For a power industry veteran, reading Pam Kufahl’s informative editorial “Energy Changes at a Turtle's Pace” is déjà vu all over again. At least it feels that way to me. My 30+ year career path has visited almost every nook and cranny of challenges and issues that Pam mentions. That’s been partly by chance but mostly by choice. I long ago decided to throw in my lot with an industry that has provided the right stuff to support the entire Maslow triangle of needs. Electric power not only makes life more enjoyable, it directly saves lives and undergirds and enables many other life-saving, life-enhancing pursuits. No wonder the National Academy of Engineering (NAE) named “electrification” – the vast networks of electricity that provide power to the developing world – the greatest achievement of the 20th century. On NAE’s list of the top 20 achievements, electrification is ahead of the automobile, airplane, the Internet or even space travel.

I’ve never been sorry for hanging in (well, maybe a few times). If I had gone a different route or retired early I would have missed the best part.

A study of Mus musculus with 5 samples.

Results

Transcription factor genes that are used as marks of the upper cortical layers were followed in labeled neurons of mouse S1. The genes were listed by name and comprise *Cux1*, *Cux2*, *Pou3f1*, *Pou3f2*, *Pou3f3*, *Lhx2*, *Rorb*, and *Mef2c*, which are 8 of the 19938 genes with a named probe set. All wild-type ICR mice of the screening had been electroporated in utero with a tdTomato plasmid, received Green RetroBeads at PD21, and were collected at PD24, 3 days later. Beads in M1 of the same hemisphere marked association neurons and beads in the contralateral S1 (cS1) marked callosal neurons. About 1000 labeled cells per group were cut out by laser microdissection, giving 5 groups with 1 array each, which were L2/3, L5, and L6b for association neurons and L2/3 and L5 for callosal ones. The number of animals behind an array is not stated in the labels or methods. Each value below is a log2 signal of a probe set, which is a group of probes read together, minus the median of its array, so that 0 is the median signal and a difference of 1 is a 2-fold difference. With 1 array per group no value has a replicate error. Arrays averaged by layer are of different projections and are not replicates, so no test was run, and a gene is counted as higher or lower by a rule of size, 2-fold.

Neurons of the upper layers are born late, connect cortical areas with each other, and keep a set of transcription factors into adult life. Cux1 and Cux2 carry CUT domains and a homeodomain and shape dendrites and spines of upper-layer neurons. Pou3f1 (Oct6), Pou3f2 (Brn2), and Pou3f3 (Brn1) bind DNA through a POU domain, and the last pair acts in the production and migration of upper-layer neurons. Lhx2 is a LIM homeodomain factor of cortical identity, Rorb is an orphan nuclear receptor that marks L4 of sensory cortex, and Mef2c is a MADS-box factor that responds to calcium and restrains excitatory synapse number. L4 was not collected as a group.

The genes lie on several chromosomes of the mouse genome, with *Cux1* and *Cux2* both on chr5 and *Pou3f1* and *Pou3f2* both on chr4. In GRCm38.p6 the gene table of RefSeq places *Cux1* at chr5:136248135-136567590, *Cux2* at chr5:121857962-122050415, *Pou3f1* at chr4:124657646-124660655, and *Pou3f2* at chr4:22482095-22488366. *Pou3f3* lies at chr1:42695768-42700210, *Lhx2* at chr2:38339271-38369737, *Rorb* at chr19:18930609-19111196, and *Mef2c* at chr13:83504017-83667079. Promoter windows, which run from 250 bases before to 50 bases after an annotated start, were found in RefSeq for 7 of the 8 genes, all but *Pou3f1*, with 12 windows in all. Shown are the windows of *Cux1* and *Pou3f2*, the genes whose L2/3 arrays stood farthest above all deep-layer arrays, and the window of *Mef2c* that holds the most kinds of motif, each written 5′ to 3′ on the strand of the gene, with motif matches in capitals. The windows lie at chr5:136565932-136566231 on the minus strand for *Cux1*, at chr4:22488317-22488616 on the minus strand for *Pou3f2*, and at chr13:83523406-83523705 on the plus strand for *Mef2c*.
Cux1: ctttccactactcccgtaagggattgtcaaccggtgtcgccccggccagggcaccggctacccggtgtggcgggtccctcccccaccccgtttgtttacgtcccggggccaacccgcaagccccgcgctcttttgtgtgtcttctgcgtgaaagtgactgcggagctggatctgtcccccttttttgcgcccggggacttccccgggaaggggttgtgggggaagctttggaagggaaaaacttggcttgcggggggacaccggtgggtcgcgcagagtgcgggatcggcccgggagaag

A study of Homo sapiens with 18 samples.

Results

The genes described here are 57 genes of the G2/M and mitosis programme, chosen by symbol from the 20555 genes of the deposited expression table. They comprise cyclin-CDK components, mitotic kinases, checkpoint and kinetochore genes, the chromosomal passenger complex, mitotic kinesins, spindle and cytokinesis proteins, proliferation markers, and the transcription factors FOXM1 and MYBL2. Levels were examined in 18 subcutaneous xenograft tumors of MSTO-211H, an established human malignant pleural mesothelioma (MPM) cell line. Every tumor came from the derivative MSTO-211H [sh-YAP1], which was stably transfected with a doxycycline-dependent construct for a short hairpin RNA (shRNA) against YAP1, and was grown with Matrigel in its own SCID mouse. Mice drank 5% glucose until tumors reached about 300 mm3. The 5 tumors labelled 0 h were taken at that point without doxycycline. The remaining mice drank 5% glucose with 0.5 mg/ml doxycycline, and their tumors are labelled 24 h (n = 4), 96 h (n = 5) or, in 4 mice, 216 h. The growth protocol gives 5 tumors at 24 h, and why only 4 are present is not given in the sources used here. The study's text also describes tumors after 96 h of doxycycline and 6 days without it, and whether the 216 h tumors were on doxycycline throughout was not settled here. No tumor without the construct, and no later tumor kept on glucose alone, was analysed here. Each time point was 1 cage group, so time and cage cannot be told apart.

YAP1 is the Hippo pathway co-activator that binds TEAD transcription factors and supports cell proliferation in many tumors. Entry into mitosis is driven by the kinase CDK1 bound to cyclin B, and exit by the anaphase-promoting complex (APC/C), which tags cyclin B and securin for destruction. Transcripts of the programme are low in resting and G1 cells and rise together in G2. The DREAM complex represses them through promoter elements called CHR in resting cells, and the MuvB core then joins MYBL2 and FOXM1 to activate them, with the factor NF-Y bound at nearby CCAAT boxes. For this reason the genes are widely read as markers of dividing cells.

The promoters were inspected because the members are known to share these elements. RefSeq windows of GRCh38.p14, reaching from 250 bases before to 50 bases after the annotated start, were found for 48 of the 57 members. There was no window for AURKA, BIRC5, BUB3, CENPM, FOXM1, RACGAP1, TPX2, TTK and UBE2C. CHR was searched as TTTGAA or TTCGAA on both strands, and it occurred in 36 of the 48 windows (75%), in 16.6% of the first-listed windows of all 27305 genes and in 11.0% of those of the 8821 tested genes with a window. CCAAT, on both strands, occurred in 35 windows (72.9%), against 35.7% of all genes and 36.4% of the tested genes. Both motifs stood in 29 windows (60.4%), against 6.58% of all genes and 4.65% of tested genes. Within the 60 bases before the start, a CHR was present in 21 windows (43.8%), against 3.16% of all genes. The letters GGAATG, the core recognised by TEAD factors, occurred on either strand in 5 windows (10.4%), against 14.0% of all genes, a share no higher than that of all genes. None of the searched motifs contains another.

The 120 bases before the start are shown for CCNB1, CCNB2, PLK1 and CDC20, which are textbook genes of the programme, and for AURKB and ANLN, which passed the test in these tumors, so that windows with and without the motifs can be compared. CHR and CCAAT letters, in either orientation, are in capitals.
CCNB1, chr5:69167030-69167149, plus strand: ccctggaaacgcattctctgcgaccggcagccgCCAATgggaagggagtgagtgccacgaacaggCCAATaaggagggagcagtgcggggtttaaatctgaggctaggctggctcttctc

With the pressure of mounting environmental and resource concerns, we’ve really put the pedal to the metal over the last decade, at least from the power industry perspective. It wasn’t that long ago when what we called “automation” was really just human-monitored remote control. Outage notification “technology” was often a phone call from an irate customer. Twenty years ago we were theorizing about the “distributed” utility. Now we’ve gathered up the latest information and telecommunication technologies and bundled them into a concept called the smart grid. And we have more distributed generation and storage technologies than we know what to do with (literally).

Still, as Pam points out, the average customer may not notice how much our industry has changed in the last few decades. Why would they? Just like the Brady Bunch from years past, the customer flips a switch and the light goes on. A drunk driver hits a pole and the lights go out. Maybe the lights don’t go out as often as they used to and maybe they don’t stay off as long. But incremental improvements aren’t easily recognized by the average residential customer.

Even for those of us who keep track of system performance indices and get to contribute to our industry’s technology metamorphosis, it still seems like things move glacially. But we also know that, in general, it will take a long time before our century-old design and operating paradigms significantly respond to the flood of new enabling technologies. We just have so much existing infrastructure and legacy practices and standards (not to mention risk-aversity) to make big changes quickly. We will probably never receive ego-bracing accolades from customers – it will need to be enough just to know we’re, in general, doing the right thing.